Diagnostic and Interventional Radiology
Neuroradiology - Original Article

MRI of central nervous system abnormalities in childhood leukemia

1.

Department of Radiology, Başkent University School of Medicine, Ankara, Turkey

2.

Department of Radiology, Başkent University School of Medicine, Ankara, Turkey

Diagn Interv Radiol 2009; 15: 86-92
Read: 277 Downloads: 77 Published: 03 September 2019

Abstract

PURPOSE
To document the imaging abnormalities seen in the central nervous system (CNS) in childhood leukemia or as complications of its treatment.

 

MATERIALS AND METHODS
Magnetic resonance imaging (MRI) of 15 children with neurologic complications of leukemia or its treatment were reviewed retrospectively. The first group consisted of patients with CNS abnormalities detected prior to or during treatment, or within three months after completion of treatment. Patients with CNS complications detected by MRI three months following completion of treatment were included in the second group.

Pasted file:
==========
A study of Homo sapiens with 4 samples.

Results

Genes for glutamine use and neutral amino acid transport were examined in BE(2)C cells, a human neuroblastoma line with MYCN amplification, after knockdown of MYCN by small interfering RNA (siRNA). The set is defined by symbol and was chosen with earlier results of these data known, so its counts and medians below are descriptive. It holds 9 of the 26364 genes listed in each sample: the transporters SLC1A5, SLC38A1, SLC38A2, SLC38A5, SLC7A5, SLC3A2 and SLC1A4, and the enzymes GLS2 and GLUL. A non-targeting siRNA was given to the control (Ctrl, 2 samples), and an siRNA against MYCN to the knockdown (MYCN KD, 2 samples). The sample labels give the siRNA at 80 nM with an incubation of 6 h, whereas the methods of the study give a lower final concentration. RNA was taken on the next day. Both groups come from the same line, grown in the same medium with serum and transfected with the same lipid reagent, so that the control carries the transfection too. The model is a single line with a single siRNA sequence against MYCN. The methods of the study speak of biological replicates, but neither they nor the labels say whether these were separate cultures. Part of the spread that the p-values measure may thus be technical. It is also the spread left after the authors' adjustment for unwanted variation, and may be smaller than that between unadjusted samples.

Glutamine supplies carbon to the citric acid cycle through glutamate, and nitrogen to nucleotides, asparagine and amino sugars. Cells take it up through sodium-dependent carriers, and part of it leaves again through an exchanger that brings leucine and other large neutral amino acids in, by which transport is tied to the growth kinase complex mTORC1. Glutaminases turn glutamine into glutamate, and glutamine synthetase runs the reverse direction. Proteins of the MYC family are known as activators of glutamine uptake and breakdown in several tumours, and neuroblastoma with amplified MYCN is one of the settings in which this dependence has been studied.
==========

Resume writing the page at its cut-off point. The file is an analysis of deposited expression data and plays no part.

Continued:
RESULTS
Among the 15 children, six had two or more different CNS abnormalities. The imaging abnormalities seen in 12 patients prior to or during treatment, or within three months after completion of treatment included orbital, temporal, cerebellopontine angle, and spinal chloroma; bilateral subdural hematoma in the subacute stage; multifocal intraparenchymal hemorrhage; bilateral retinal hemorrhage and detachment; hematoma in the pons and mesencephalon; PRES (posterior reversible leukoencephalopathy syndrome); bilateral leukemic infiltration of the 3rd, left 7th, and 8th cranial nerves; and meningeal leukemia. Three months after completion of treatment, three patients had CNS complications including radiation necrosis and secondary brain tumor, osteomyelitis of the L3 vertebra, and meningeal leukemia.

 

CONCLUSION
The wide spectrum of CNS abnormalities that occur during and after treatment for leukemia is related to leukemia and to the treatment method. Because many neurologic complications of leukemia are treatable, early diagnosis is essential.